QOF achievement day is several weeks away, but don’t delay stepping up efforts to achieve the maximum quality points. Spread out the work around the your team to make the most of the time available.
Avoiding procrastination over this year’s work is advisable because the QOF is to change significantly in 2013/14. Getting ahead with preparing for the new elements will be time better spent than last minute chasing of this year’s points.
Review how far away you are from the targets as soon as possible so that you can put into action sensible strategies for beefing up your scores as much as possible by achievement day.
Incorrect coding can lose you valuable points, so start by checking for errors in logging QOF work already done. Watch out for slip-ups like failing to code secondary diagnoses such as hypertension in stroke patients and diagnostic ‘miscodes’, for example, with cancer indicators and type 1 and type 2 diabetes.
List the indicators where the practice has fallen behind and prioritise the most important to tackle in terms of patient care, points they score, and so on.
Go for easy wins where you can catch up quickly by taking prompt action but don’t waste too much time on indicators with higher thresholds the practice is unlikely to meet.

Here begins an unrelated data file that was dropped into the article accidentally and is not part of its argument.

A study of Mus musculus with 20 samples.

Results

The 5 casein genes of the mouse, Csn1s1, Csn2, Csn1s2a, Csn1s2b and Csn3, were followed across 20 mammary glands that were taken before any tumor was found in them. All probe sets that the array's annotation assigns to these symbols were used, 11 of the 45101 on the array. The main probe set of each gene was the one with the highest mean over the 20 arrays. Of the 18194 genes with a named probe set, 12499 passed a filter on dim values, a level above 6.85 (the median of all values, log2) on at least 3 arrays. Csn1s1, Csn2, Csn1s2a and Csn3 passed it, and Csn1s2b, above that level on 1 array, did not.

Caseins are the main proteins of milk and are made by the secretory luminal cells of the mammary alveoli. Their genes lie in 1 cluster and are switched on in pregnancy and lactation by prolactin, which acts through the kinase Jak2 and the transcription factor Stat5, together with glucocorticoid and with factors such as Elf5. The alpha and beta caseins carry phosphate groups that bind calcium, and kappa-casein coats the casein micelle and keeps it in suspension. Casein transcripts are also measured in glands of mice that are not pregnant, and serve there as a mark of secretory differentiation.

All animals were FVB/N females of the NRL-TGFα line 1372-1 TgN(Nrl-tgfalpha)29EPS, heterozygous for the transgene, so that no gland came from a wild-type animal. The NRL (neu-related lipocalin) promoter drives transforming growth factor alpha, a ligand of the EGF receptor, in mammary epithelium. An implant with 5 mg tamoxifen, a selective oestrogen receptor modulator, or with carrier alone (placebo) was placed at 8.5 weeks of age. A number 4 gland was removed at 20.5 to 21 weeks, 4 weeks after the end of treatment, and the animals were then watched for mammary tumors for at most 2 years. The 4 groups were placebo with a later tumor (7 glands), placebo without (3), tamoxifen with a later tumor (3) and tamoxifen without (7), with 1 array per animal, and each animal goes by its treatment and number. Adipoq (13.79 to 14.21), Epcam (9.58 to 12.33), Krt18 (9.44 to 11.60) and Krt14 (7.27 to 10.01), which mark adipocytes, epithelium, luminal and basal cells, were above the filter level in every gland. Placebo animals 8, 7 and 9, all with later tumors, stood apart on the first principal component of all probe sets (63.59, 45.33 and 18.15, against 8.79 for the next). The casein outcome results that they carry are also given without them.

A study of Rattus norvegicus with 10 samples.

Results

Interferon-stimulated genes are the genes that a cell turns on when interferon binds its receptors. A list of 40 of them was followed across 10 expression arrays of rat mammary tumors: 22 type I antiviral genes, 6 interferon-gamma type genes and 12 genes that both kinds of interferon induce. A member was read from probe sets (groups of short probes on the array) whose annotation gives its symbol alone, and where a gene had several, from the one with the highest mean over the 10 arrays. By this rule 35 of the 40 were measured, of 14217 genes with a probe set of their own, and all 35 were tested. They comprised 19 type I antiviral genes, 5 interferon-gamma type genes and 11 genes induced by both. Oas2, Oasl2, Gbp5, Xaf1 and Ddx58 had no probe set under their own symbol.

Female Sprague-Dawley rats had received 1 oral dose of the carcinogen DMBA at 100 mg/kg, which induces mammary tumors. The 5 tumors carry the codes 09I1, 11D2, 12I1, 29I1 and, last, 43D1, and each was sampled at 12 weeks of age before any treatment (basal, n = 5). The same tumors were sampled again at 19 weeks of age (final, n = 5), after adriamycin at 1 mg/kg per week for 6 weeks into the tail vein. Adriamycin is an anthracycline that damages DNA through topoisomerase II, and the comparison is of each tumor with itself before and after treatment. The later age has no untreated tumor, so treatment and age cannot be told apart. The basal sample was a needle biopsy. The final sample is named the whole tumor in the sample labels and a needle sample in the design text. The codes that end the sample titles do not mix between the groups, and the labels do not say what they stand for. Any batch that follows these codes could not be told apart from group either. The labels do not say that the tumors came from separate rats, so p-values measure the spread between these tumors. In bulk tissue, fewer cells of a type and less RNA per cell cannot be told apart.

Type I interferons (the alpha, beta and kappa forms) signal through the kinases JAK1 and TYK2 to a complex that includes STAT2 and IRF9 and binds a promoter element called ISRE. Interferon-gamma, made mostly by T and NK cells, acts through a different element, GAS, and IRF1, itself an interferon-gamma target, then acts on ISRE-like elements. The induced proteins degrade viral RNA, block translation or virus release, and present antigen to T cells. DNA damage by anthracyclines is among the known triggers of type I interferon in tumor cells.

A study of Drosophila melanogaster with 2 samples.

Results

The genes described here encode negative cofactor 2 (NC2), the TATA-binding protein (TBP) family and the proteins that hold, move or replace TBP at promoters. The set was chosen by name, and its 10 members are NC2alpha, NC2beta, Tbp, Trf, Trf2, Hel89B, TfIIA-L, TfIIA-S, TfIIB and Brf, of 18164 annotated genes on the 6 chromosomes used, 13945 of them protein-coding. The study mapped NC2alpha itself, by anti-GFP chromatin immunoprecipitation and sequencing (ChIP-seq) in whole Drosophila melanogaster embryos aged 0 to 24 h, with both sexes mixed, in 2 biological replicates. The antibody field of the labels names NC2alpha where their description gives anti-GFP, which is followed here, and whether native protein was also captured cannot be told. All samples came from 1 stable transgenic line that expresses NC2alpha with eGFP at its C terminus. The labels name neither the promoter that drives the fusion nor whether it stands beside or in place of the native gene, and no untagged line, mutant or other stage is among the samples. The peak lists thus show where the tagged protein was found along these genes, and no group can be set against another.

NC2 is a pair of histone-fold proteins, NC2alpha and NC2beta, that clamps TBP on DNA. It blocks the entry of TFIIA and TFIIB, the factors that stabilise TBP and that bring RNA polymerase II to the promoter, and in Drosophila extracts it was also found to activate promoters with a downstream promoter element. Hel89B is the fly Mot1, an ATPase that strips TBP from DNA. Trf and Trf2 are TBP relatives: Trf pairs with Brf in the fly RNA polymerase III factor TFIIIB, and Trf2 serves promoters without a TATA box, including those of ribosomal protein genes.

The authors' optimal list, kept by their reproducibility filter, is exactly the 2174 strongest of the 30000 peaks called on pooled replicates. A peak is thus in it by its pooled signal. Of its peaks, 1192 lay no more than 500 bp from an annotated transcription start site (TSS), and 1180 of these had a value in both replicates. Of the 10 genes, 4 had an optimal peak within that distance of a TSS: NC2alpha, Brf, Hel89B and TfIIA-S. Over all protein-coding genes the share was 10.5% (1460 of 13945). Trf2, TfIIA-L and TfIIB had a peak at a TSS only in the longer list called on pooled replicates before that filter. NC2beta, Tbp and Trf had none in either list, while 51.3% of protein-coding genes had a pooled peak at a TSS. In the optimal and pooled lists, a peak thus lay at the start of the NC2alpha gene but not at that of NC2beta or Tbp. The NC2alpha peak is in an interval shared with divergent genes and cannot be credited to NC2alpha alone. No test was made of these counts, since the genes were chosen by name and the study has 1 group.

Higher achievement thresholds a problem? For example some practices are struggling with the raised thresholds - now 45 to 80% (from 40 to 70% in 2011/12) for the BP5 indicator where the last blood pressure (measured in the preceding 9 months) is 150/90 or less. This attracts 55 points and may involve a large group of patients. How much work will getting these points involve?
When inviting patients for reviews, bear in mind that a letter may need to be followed up once or twice and you need to allow time for this. Consider phoning and texting reminders to patients instead to encourage them to book appointments.
The aim with catch-up work is to do it early, but there are some indicators that need to be left until the last minute. For example, with monitoring lithium for mental health patients, there needs to be a record of lithium levels in the preceding four months.
Take care with exception reporting. Although by and large this is straight forward, coding of certain exceptions can be confusing. An example is cervical cytology and whether a hysterectomy was total when one code applies or partial, for which there is a different code.